Pros / Zoom Framing Assist keeps far-away moving objects in focus.
Cons / Our reviewers gave it a D+ for video quality and C for color balance.
Verdict / The design of the Canon Vixia HF R800 seems outdated and the video quality isn’t great, but it does have some nice in-camera features and is easy to use.
This camcorder isn’t as physically attractive as sleeker models. Its square removable battery sticks awkwardly out of the back, making it look old fashioned and cumbersome. It also struggles to produce quality videos, which is a bigger problem than its strange aesthetic.
At 10.8 ounces, this is the third-heaviest camcorder we tested. While this contributes to arm fatigue, it also means your handheld video is less likely to be shaky.
The LCD display on this camcorder rotates and has touch controls, so navigation is easy. The touchscreen isn’t quite as responsive as the screen on the Nikon KeyMission 80, but it works fine. You can use the screen on the Vixia HF R800 to access its editing features, which are unique and fun. These include trimming your videos or using the cinema look filter. You can also use slow motion recording at a rate of 0.5x, which is cool for up-close filming at athletic events. Fast motion recording speeds things up by 1200x, though you can choose slower speeds of 300x and 600x. You have to manually open the lens cover before you do any filming.
This camcorder records at 1080p, so your videos will be high definition. Even so, the seven reviewers who watched the video from this device ranked this camera at the bottom of the lineup, ultimately giving it a D+ for overall video quality and clarity. Other camcorders, like the Panasonic HC-WXF991, earned much higher grades for their crisp footage. It also earned an underwhelming C grade for color balance because all the footage we took outdoors had high levels of red. Brown trees, bushes and fences all appeared to have a deep red tint that wasn’t true to life at all.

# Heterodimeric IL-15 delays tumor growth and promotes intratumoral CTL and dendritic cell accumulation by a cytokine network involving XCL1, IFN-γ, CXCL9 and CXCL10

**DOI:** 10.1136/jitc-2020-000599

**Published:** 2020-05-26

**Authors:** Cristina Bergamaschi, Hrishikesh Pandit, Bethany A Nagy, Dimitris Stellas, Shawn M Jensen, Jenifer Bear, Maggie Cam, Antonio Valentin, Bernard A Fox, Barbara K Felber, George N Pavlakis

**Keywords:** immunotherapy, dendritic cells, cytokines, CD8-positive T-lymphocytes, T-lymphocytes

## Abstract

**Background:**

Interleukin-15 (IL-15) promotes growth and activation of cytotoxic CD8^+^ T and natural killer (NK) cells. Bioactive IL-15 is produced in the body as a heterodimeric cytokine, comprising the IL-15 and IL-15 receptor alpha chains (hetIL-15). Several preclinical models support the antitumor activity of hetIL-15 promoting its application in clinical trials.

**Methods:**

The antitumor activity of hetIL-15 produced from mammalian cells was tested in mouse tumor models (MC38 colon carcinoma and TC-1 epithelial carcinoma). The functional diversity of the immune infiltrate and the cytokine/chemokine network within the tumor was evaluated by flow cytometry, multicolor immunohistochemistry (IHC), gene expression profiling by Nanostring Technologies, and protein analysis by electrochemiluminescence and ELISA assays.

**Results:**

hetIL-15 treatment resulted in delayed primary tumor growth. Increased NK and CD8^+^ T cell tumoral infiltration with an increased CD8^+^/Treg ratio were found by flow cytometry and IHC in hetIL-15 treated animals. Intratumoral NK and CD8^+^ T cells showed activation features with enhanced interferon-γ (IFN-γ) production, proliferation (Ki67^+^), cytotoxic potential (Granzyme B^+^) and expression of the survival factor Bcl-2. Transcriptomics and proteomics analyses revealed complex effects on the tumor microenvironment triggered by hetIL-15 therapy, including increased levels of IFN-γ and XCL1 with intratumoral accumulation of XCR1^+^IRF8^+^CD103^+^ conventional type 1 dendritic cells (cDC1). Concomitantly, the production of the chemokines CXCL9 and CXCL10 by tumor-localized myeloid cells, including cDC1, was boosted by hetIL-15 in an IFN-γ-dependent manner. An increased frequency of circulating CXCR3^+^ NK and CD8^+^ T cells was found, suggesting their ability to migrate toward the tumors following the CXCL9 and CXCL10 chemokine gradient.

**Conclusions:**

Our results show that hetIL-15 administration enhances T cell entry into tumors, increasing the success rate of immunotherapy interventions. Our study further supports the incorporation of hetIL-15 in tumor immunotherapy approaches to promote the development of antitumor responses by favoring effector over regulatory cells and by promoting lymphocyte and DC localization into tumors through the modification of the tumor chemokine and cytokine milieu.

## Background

We attached all the camcorders in our comparison to the top of a car for outdoor testing. While this camcorder was attached just as securely as the others, it shook violently while we drove around. Frankly, it was hard to watch. It should be noted we didn’t turn on image stabilization, because we wanted to compare these camcorders as they worked right out of the box, assuming some users might not have the time or desire to fiddle with more complicated features like white balance and image stabilization. Still, image stabilization is an option you can certainly use to steady your video.
This camcorder comes with a bulky camera battery, a wall adapter, a mini HDMI cable and a USB cable. It also takes a full-size SD card, which we prefer to MicroSD card because they’re harder to lose and can be inserted directly into many computers to transfer your videos. The 32x optical zoom is relatively low compared to others we tested, but it does have Zoom Framing Assist, which helps keep far-away subjects in frame and makes for substantially less jerky footage. This camera’s 57x advanced zoom and 1140x digital zoom can really get in close if you’re OK with a degraded image quality.